Down 54% In Six Months, What’s Next For Bed Bath & Beyond Stock?



After a massive 54% decline in the last six months, at the current price of around $8.50 per share, we believe Bed Bath & Beyond stock (NASDAQ
: BBBY), the home goods retailer, could still go down. BBBY stock has declined from around $18 to $8.50 since the beginning of 2022, much steeper than the 11% decline in the S&P index. This stock decline can be attributed to the current macroeconomic environment and the company’s poor financial performance. The retailer saw its sales decline 15% year-over-year (y-o-y) in fiscal 2021. In fact, BBBY’s revenue has been continuously declining in the last five years, margins steadily contracting in the last ten years, and its profitability has stayed in the negative for the last four years.

A lack of inventory is a problem at Bed Bath & Beyond
at present because of supply chain bottlenecks and difficulties with purchasing. To add to this, the ongoing tension in the Eastern European region is likely to further worsen the situation in the next quarters. Considering that the FY21 ended on February 26th, it is important to mention that most of the impacts of the political tension in Eastern Europe have yet to be reflected in these results. By the end of FY’21, the total cash of the company was approximately $440 million (down from $1.4 billion a year earlier) with debt totaling more than $3 billion. The refinancing of that debt will be quite difficult if profitability does not significantly improve going forward.

In Q4 2021, Bed Bath & Beyond’s net sales were down a steep 22% y-o-y to $2 billion, on the back of a 12% decline in comparable sales. Additionally, the company’s bottom line suffered, as it went from a year-ago profit of $47 million to an $82 million loss (-$0.92 per share). Inflation, supply chain disruptions, and increasing gasoline prices have significantly impacted BBBY’s business, by materially increasing the expenses, and, therefore, reducing the margins.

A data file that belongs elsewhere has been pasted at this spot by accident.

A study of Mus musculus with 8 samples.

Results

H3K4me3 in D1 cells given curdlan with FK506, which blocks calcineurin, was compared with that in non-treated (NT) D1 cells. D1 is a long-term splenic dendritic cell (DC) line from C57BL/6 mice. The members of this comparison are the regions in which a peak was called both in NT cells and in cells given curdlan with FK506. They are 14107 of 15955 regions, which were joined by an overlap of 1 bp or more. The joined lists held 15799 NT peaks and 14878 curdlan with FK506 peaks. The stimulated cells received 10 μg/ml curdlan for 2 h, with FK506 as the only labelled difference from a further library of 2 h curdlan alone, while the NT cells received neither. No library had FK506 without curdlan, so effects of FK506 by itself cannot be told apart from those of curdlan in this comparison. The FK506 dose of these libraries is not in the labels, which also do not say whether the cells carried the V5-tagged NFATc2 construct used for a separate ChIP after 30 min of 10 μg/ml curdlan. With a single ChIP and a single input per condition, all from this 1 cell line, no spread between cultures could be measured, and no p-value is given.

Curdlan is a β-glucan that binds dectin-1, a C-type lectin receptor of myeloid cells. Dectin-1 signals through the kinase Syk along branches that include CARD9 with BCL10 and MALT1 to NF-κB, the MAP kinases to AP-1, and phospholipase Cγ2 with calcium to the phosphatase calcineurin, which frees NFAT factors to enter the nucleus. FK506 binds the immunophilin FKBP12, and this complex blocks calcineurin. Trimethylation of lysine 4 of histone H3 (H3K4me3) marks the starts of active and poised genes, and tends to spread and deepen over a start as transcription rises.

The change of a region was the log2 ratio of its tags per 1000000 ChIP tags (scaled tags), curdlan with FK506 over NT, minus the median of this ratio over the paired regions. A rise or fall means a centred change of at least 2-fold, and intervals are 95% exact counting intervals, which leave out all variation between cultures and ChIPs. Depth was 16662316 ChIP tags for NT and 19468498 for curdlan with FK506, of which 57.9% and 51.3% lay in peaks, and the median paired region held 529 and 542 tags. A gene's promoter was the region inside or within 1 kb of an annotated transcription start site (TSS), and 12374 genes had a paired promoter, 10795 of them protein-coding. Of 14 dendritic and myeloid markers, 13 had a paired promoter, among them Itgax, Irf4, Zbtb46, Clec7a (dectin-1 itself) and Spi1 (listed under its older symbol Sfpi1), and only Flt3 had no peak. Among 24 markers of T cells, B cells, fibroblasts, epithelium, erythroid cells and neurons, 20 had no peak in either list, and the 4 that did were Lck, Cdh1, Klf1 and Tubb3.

We forecast Bed Bath & Beyond’s Revenues to be $7.27 billion for the fiscal year 2022, down 8% y-o-y. Looking at the bottom line, we now forecast revenue per share estimate to come in at $73.25. Given the changes to our revenues and RPS forecast, we have revised Bed Bath & Beyond’s Valuation to $8 per share, based on a $73.25 expected RPS and a 0.1 P/S multiple for the fiscal year 2022. That said, the company’s stock appears expensive at the current levels, with a modest 5% discount from the current market price.

BBBY is undergoing a transformation started in 2021, which aims to fundamentally rebuild the company. Although the efforts are aimed at improving technologies and supply chains in the long term, we still haven’t seen any results. The retailer’s financial performance reflects poorly on its execution, projecting doubt about its ability to turn things around. In addition, management stated in its Q4 earnings call that they would continue with their turnaround plans, rejecting Ryan Cohen’s proposal to sell buybuy BAB
Y. We believe that softening demand, inventory shortages, and a low amount of cash in hand will lead to another sizable loss in Q1 and hinder BBBY from turning its business around. The company also doesn’t expect meaningful improvement until the second half of this fiscal year, at best.

Here you’ll find our previous coverage of Bed Bath & Beyond stock where you can track our view over time.

It is helpful to see how its peers stack up. Check out how Bed Bath & Beyond’s Peers fare on metrics that matter. You will find other valuable comparisons for companies across industries at Peer Comparisons.

With stock prices falling precipitously across sectors, we may be heading toward a bear market for the first time since March 2020, when the Covid-19 outbreak triggered a market crash. We capture key trends in the Dow during and after major market crashes in our interactive dashboard analysis, ‘Market Crashes Compared.’